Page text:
Monday, October 31, 2005
One New Thing:Thoughts on changing teaching methods, and libraries.
A new-to-me blog I stumbled on tonight (following more links from Teach and Learn Online) is Dave's Educational Blog. Looks like a good place to go if you are interested in thinkings and theories of education and e-learning. As a librarian I’m intrigued by Dave’s idea of the feedbook. We already have the technology, and judging by the blogs, Wikis, and wikibooks that are already being constructed by experts in their fields, this is the kind of proposition that could be put into practice any day now.
In any library, could librarians be involved in the selection or dissemination of information provided via this or a similar model? It bears a vague resemblance to a scholarly journal: one “publication”, multiple authors. In the same way that online provision of course reading lists, lecture notes and assignment topics has made it easier for academic librarians to find out what resources students need access to throughout the year, imagine being able to quickly access exactly what they are covering in class on a day-to-day basis. Imagine, in fact, “books” where the information is up-to-the-minute. (Imagine a bibliography where timestamp is a required annotation!)
I can think of many impacts on libraries when would-be library patrons can have more direct access to information straight from the experts – widening of the digital divide, information literacy needs, fee vs free publications - all of which we are already aware of and will probably hear a lot more about as technological and pedagogical opportunities present themselves.
I hope the librarians, educators and IT staffers in institutional environments are chatting to each other about…possibilities. :)
Tuesday, October 25, 2005
One New Thing: Evidence Based Librarianship.
The EBL (Evidence Based Librarianship) conference was held last week in Brisbane and although I didn’t get to go to the actual conference, I was able to see a couple of the presenters doing a shortened summary of their papers. The concept of EBL is fascinating to me: it’s really so simple – practising librarianship based on evidence revealed through research, statistics, and client feedback. Yet applying EBL theories to particular projects for the libraries and librarians who presented has been very successful for them. My particular favourites of the papers I saw presented were Transaction log analysis @ State Library of Queensland (pdf) by Scott Hamilton / Helen Thurlow, and What can students' bibliographies tell us? - Evidence based information skills teaching for engineering students (pdf) by Fei Yu / Jan Sullivan / Leith Woodall.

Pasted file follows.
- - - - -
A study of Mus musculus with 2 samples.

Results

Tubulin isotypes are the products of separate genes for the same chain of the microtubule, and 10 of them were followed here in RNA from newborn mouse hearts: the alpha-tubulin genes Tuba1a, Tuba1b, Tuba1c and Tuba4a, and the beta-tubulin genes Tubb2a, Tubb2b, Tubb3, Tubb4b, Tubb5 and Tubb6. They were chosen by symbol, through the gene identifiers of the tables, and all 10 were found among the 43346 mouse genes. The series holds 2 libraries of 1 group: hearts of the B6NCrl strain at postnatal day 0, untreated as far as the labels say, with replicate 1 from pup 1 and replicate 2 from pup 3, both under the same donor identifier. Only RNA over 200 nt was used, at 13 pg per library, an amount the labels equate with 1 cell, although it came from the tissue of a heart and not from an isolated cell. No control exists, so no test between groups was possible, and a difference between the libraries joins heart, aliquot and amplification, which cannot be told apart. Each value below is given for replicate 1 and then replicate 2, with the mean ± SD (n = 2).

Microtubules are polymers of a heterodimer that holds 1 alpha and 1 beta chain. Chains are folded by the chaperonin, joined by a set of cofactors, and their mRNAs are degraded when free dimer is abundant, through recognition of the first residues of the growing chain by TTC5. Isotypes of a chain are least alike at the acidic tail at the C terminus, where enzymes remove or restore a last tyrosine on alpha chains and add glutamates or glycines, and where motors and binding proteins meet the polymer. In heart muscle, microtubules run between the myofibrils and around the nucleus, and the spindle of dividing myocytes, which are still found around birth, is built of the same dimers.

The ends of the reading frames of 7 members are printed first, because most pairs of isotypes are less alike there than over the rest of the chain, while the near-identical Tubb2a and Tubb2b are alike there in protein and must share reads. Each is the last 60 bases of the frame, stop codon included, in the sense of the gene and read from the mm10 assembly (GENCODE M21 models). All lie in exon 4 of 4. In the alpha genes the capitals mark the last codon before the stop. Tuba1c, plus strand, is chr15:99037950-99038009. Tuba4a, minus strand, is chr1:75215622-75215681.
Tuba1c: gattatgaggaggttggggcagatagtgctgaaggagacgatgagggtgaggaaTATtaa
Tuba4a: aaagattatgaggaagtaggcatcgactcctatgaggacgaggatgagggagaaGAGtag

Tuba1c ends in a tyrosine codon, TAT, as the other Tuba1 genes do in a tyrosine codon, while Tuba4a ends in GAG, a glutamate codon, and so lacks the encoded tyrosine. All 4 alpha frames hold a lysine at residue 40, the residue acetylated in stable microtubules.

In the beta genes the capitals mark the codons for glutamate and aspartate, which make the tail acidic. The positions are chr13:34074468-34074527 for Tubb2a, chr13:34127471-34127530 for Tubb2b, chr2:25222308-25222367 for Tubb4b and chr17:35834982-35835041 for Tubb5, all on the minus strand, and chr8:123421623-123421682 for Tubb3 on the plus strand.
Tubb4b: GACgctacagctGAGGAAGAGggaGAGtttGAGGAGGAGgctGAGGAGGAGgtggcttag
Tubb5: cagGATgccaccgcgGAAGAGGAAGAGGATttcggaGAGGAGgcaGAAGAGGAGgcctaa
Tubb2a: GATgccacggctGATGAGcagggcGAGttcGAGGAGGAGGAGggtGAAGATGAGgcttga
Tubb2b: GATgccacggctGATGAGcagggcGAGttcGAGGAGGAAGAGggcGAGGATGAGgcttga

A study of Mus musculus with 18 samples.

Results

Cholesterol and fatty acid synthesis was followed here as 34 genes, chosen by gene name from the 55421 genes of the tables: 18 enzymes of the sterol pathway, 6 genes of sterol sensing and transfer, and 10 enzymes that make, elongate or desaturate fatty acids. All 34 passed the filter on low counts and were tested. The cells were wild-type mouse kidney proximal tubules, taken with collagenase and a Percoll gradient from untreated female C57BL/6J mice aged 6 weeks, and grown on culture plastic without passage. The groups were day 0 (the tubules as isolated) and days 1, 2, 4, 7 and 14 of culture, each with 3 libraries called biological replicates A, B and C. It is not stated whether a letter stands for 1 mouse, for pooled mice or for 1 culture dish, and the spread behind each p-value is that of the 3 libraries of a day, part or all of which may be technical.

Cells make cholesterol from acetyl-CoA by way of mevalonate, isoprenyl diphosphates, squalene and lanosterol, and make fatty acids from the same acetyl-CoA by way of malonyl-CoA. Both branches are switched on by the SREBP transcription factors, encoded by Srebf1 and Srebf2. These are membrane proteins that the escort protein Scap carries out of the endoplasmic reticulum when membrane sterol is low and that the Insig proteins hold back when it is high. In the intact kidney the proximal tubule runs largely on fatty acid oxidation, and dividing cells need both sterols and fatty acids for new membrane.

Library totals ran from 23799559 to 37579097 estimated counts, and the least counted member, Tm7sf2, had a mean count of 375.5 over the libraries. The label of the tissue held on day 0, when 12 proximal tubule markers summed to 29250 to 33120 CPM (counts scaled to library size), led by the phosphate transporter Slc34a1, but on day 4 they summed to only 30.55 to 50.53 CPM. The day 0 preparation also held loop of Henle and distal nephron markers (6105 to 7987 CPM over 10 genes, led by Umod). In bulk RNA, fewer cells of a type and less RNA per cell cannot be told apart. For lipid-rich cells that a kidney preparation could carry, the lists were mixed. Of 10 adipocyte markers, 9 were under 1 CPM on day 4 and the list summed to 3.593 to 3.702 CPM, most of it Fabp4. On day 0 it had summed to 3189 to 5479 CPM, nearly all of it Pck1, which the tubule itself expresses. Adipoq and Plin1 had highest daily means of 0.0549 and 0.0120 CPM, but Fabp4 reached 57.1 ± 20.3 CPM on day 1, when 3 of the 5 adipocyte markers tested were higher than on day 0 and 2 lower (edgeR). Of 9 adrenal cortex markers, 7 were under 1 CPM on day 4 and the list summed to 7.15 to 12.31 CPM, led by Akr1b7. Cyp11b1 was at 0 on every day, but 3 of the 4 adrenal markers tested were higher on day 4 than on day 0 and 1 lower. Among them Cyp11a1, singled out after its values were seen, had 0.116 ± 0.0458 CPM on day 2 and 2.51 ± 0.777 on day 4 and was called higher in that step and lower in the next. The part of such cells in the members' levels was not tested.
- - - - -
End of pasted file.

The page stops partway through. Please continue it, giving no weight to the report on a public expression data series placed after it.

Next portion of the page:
Sunday, October 23, 2005
Some New Things:
Leigh Blackall of Teach and Learn Online has some interesting thoughts on Everything You Need to Teach and Learn Online (there’s a part 1, 2 and 3 – this link is to Part 3 so you can work backwards). If you’re delivering course content online, you could do it entirely using freely-available tools such as Blogger, Gmail, Flickr…the list goes on. Interesting thought, particularly for those of us involved in any way with the world of commercial courseware.
Leigh always has lots of interesting stuff popping up on his blog: this essay on Connectivism: A Learning Theory for the Digital Age is an article which extends on some themes about learners and how they learn that I remember from my studies in teaching a few years back: except this looks at how this fits into the trend towards the use of digital resources in teaching.
Another interesting article is Lawsuit Charges Online University Does Not Accommodate Learning-Disabled Students, a story about a student filing charges against an institution following their implementation of WebCT, because he has learning difficulties which made it hard for him to learn to use the software. It’s thought-provoking to look at how many web standards are in place for users who have physical disabilities, and then to think about the lack of guidelines for users with other disabilities. Particularly with commercial learning management software, where end users don’t really have a lot of choice in the way the courses or the communication/assessment tools within them are accessed are constructed: you have to take what they give you, for better or worse.
Sunday, October 16, 2005
One New Thing: Firefox, Google and Prefetching.
Google has introduced a new “feature” for those using Mozilla browsers: prefetching the first hit in your Google results list.
A post from LISnews on the issue points to: Google's new feature creates another user privacy problem. If you’re a Mozilla user, read it now!!